So-called ethnographic films are, in fact, films about culture and not films that pictorially convey ethnographic knowledge. They are produced by professional filmmakers who have little or no knowledge of anthropology and by anthropologists who thoughtlessly follow the dictates of documentary realism.
For a cinema to exist that furthers the purposes of anthropology, the following must occur:
1. EC must be the work of academically educated and academically employed socio-cultural anthropologists. EC can only be a consequence of ethnographic research by trained ethnographers who professionally engage in academic discourse on a regular basis. EC must be an extension of their work as anthropologists, intellectuals and scholars.
2. EC must be avowedly anti-realist, anti-positivist, dissociated from the canons of documentary realism and free to borrow from all forms of cinema - fiction and non-fiction.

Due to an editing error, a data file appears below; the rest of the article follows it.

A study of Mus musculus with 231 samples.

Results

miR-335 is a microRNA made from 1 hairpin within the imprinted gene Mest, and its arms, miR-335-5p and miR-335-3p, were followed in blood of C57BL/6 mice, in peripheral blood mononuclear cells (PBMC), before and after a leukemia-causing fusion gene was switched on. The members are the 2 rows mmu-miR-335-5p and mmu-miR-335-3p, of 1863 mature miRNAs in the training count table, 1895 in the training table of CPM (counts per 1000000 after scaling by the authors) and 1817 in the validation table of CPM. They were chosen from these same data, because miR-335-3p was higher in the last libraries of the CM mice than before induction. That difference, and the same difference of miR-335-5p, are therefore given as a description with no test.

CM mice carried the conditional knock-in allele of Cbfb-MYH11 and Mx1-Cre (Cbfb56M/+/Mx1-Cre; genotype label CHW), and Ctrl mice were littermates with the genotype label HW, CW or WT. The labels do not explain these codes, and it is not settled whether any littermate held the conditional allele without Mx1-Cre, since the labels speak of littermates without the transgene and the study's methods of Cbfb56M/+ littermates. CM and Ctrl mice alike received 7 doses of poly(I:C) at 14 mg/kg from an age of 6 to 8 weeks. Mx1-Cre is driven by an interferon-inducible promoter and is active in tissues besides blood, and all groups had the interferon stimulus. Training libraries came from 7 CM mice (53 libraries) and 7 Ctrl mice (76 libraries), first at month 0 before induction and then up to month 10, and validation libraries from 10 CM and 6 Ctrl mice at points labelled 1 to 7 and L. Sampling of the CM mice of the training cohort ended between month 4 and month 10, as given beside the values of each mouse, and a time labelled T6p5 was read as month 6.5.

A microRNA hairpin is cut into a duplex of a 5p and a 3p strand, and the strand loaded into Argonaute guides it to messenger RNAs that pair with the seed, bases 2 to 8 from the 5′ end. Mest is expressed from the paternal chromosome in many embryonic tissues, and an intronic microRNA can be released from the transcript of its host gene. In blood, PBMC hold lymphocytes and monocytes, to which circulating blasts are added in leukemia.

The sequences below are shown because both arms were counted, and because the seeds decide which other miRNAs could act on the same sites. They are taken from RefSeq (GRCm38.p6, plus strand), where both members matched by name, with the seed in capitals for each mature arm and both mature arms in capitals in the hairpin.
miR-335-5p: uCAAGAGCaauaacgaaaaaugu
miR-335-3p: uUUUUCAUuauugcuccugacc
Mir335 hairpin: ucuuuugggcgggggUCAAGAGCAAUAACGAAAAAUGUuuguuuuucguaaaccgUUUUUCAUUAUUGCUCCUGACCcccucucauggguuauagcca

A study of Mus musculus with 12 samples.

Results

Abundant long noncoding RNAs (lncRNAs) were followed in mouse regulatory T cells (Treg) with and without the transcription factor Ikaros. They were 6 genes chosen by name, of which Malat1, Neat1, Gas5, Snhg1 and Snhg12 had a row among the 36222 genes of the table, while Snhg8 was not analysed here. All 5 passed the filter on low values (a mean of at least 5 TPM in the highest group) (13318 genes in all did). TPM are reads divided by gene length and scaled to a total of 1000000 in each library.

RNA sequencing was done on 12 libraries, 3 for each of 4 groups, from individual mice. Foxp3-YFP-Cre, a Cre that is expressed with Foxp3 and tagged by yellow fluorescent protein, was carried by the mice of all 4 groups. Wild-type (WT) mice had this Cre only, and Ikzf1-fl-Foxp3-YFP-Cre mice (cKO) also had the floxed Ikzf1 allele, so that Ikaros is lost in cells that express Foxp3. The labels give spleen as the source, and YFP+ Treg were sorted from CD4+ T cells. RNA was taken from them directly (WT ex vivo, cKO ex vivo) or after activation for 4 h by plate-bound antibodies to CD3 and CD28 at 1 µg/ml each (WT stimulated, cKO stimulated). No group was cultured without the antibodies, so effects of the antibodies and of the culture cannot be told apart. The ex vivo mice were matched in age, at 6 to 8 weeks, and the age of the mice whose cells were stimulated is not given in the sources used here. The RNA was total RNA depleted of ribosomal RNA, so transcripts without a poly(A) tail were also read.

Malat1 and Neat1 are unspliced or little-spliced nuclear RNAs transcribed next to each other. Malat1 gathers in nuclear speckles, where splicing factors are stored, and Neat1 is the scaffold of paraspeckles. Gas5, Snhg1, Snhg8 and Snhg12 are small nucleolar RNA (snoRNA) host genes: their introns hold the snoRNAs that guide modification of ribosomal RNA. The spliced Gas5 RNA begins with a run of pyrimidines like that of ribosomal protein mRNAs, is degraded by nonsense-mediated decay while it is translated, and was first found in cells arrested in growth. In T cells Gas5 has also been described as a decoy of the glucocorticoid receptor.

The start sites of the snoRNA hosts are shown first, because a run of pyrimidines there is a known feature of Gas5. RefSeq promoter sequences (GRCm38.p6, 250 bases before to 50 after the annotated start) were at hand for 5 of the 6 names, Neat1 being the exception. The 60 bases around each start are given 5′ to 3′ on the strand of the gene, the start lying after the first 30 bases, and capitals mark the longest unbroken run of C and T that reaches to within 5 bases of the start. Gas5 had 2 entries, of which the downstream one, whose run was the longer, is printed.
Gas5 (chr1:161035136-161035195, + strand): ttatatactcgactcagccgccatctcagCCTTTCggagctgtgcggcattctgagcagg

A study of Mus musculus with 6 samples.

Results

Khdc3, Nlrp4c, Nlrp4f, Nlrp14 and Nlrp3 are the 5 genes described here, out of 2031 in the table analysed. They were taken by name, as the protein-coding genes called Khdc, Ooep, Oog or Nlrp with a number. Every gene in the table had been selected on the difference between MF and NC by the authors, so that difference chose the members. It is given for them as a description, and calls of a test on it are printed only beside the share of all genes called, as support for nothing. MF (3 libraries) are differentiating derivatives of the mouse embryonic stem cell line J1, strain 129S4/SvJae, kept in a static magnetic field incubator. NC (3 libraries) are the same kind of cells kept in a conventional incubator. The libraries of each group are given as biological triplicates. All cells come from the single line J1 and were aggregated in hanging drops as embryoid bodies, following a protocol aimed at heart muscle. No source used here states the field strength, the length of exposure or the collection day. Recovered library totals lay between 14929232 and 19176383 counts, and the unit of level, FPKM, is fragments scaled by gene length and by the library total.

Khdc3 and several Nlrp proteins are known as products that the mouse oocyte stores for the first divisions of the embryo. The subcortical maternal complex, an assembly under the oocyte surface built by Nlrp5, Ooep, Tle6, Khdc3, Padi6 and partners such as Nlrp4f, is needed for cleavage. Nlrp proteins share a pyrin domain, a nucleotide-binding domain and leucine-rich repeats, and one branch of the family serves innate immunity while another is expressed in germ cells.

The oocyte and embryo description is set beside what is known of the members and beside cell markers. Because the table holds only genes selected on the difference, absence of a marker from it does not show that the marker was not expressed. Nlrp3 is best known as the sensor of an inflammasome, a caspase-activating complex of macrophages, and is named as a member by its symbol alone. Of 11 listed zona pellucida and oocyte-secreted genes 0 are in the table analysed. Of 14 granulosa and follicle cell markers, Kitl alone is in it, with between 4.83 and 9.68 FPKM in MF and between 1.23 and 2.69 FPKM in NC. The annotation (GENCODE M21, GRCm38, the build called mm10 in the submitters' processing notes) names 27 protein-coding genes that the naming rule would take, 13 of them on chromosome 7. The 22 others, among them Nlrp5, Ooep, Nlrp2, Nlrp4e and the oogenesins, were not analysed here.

3. EC must seek to increase the agency of those imaged with techniques such as multivocality and to reflexively de-center the authority of the maker while at the same time accepting the moral burden of authorship.
4. EC must explore the limits of pictorial media as a means of anthropological expression.
5. If EC is to succeed it, will probably confuse its audience at first. It is therefore essential that its makers be painfully obvious and assist viewers.
6. EC must have modest production values, tiny budgets, low costs for production and distribution if it is to escape the restrictions of the commercial world. EC, therefore, has no economic potential. No one can make a living from its products. It is the act of the scholar seeking to communicate scholarly knowledge.
7. EC must be removed from the economic dictates of public and state television, funding agencies who except a popularly accessible product and distribution companies who must circulate work that produces income. New forms of funding and distribution must be created.8. EC acknowledges the inadequacy of all film festivals and other venues currently available. It must seek to create screening and discussion environments that emphasize scholarly debate about the contribution these works make to an anthropological discourse.